Is Kevin Love The Answer?

Danny Ainge was reportedly talking to Kevin Love’s agent, are the Celtics going to make a push for him this off-season?

The Cleveland Cavaliers were able to force a Game 7 last night but that didn’t stop the Boston Celtics from already being linked to Kevin Love this off-season. The Kevin Love experiment in Cleveland has seemingly failed and his stock is as low as ever. The Celtics are looking to land a star player this off-season, could that be Love?

RealGM reported that Danny Ainge and Love’s agent Jeff Schwartz met yesterday. To be fair, he also represents soon-to-be free agent Harrison Barnes and future NBA rookie Brandon Ingram. Therefore, the meeting could have been about the likelihood of Barnes leaving Golden State or the chances Ingram falls to Boston at three, however, it’s hard to imagine that Ainge didn’t inquire about Love once.

It seems like a perceived notion that the Cavaliers will shop Kevin Love this off-season, especially if they fall short in Game 7. The power forward hasn’t been the same player since being traded to Cleveland, however, that didn’t stop him from signing a $5 year, $113 million deal last summer. Love is set to receive $21.5M, $22.5M, $24M, and $25.5M over the next four seasons, and Cleveland would love to get that off their books.

The Cavaliers would much rather use that money somewhere else and also try to land a more valuable pick in the upcoming draft, even if it’s not a top-five selection.

Cleveland tried to turn Love into what Miami turned Chris Bosh into when LeBron spent four seasons with the Heat. They have him hang on the perimeter where most of his shots come from behind the arc now – 44.9 percent of shots. It has led to a significant decrease in his scoring and rebounding production as a result.

In Love’s final season with the Minnesota Timberwolves, he posted an incredible 26.1 points and 12.5 rebounds per game. He was one of the best rebounding big men in the NBA at the time, however, now he is nothing more than LeBron’s sidekick who makes a lot of mistakes.

Over his career, his game has evolved towards the three-point line, although, last season was the first time in his career that he attempted less than 20 percent of his shots at the basket – 17.3 percent. Last season, Love only attempted 21.3 percent of his shots inside of three feet – he was never under 25 percent in Minnesota.

Part of the reason is that’s how big men have to play nowadays, however, the Cavaliers have banished his role in the paint. You rarely see Love post-up down low anymore, he’s used as a kick-out option for a driving teammate. Not only does it not fit his offensive game but it also cuts into his rebounding – the strongest part of his game.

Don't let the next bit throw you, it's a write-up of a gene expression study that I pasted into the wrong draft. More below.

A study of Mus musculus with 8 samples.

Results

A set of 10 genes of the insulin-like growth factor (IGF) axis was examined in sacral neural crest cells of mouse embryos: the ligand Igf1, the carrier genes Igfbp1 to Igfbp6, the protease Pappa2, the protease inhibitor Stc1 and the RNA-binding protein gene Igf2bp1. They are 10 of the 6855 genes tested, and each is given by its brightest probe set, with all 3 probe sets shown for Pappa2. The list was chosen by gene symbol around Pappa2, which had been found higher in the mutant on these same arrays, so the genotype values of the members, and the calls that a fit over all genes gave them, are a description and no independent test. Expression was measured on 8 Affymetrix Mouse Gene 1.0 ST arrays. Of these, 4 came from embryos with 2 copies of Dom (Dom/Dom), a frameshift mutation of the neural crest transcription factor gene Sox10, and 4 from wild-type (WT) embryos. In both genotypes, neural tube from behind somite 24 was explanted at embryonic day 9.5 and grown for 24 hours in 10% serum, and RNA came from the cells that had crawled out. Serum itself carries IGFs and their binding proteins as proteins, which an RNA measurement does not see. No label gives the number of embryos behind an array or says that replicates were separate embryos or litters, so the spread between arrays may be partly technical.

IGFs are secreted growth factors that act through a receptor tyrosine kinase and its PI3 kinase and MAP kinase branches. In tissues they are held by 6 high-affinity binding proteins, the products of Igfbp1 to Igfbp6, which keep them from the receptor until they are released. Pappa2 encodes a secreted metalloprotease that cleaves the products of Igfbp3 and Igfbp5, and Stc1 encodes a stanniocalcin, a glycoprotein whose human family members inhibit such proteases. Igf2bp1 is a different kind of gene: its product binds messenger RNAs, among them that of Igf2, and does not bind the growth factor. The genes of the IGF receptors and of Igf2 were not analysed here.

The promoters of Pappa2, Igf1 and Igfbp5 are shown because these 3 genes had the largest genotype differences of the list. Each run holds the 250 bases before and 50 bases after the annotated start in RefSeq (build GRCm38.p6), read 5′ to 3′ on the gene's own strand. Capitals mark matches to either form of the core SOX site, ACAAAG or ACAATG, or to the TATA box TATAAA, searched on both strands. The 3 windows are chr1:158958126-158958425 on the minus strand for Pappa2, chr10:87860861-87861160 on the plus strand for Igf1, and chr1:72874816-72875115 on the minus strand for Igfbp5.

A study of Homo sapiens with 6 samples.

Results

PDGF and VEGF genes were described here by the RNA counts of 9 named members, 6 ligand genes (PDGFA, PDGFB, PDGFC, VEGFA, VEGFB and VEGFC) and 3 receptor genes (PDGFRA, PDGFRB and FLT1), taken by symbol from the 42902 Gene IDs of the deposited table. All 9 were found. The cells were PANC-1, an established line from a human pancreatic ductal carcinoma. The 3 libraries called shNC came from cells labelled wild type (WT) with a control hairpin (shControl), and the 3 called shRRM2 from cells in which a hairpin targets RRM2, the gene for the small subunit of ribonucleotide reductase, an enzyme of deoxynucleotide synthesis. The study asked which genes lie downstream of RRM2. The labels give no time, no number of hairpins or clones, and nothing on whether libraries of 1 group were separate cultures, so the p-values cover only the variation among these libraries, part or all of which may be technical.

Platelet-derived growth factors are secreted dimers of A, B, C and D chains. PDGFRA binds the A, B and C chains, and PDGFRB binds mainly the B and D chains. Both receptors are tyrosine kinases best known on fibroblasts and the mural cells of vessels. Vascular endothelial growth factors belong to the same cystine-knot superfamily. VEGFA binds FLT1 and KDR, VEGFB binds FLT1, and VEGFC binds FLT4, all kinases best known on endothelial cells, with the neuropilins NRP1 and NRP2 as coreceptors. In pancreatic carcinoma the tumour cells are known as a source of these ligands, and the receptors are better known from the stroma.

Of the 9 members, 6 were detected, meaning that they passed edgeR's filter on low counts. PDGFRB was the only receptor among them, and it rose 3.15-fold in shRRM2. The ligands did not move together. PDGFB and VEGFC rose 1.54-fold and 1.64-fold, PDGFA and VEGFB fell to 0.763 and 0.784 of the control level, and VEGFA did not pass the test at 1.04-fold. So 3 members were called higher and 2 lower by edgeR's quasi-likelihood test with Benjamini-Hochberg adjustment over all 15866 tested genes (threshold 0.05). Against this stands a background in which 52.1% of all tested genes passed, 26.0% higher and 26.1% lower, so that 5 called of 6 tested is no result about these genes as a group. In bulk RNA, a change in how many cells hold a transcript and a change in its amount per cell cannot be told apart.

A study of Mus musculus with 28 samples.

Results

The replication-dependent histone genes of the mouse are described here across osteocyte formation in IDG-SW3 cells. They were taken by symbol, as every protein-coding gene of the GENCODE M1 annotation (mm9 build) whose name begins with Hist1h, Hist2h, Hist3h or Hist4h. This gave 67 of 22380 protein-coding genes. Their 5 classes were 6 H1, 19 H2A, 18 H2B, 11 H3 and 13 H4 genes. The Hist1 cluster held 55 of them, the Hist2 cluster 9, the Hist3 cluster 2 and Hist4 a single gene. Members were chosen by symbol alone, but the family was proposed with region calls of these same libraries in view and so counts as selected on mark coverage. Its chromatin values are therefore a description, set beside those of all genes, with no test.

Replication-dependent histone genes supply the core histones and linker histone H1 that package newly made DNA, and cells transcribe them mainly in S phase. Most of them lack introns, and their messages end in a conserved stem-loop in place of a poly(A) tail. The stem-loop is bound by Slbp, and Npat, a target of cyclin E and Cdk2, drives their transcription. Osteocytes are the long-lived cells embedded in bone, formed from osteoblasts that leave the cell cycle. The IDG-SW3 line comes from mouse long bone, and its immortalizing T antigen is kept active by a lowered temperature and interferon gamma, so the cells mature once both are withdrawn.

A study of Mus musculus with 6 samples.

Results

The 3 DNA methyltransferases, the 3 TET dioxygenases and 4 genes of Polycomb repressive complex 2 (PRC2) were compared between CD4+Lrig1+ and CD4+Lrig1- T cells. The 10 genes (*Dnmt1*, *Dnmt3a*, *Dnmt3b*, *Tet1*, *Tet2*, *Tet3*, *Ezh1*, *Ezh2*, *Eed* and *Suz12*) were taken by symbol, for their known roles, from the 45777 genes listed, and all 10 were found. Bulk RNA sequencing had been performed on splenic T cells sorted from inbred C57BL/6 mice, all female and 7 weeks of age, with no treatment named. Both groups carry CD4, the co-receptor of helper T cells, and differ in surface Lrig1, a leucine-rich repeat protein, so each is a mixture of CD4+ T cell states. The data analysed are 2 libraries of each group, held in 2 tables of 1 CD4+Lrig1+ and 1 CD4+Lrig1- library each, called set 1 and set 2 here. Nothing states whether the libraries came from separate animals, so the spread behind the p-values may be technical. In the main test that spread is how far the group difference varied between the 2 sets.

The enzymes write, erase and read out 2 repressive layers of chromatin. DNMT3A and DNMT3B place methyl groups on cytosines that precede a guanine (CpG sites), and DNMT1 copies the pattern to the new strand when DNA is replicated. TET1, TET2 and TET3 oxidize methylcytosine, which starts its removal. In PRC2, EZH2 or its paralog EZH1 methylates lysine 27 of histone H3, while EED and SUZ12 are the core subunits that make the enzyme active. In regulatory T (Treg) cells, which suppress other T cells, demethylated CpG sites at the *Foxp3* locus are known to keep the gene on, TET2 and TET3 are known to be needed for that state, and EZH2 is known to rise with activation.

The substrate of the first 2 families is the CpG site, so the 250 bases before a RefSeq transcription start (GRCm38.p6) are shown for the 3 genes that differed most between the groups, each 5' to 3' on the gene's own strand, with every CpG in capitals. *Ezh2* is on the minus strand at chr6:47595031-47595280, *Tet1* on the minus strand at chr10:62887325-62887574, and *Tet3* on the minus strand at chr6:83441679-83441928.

Mandatory Credit: David Richard-USA TODAY Sports

Love has recorded a 30-rebound game, led the league in rebounds per game (15.2) during the 2010-11 season, and held the highest offensive rebounding percentage over his first two NBA seasons.

Although, Love has failed to average a double-double over the past two seasons with Cleveland, the first time since his rookie year. His rebounding rate during the playoffs this year has gone down even more as he’s averaged only 8.5 boards per contest, including only three rebounds over 12 minutes in Game 6.

Playing on a better rebounding team is a reason why his numbers have gone down, however, there’s no doubt his mostly perimeter game has turned him into a near non-factor on the offensive glass. Love averaged a measly 1.9 offensive rebounds per game over the past two seasons – former lowest was 2.9 offensive rebounds per contest.

The fact of the matter is Kevin Love rarely plays in the paint anymore and it’s made people forget about how productive he once was. Over the past five seasons, in which he attempted at least five threes per game, Love has never shot above 38 percent from three. He’s a solid three-point shooter for a big man but it shouldn’t be his whole game, and that’s why he’s struggled so much with Cleveland.

That could be a good sign for Boston though as he would still be a great addition to the Celtics but at a cheaper price. Love can run the floor extremely well and having a big man who can space the floor but also score inside is what the Celtics have been missing. In fact, Love is a career 59.3 percent finisher at the basket.

He’s the type of player you can feed the ball to in the post and let go to work. With Tristan Thompson playing so well in the paint, Cleveland doesn’t want to clog up the lane because that’s how LeBron James and Kyrie Irving do most of their scoring. Therefore, they prefer to have Love on the perimeter.

Even though Love would be a great addition to the Celtics on offense, his defense is still a concern. Love isn’t the quickest and doesn’t block a lot of shots, which has forced the Cavaliers to use Richard Jefferson when needing an athletic defender. Although, with the way Jared Sullinger played in the paint this past postseason, anything can be seen as an upgrade.

Adding a pick-and-roll player like Kevin Love would make the Celtics better, but he’s not the missing piece. Just like Isaiah Thomas, he can’t do it all. He never led the Timberwolves to the playoffs during his six seasons there – whether that being his fault or the management’s – but he can definitely act as the Chris Bosh of a ‘Big 3’ in the right system.

With that being said, there’s no reason to overpay for Love if the Cavaliers’ asking price is too high. He’s a very good player who can be part of a ‘Big 3’ but he’s not the missing piece that’s going to bring the Celtics their 18th title. After two disappointing seasons and four years left on a max contract, the Cavaliers can’t be too greedy, which could lead to the Celtics getting a steal this off-season.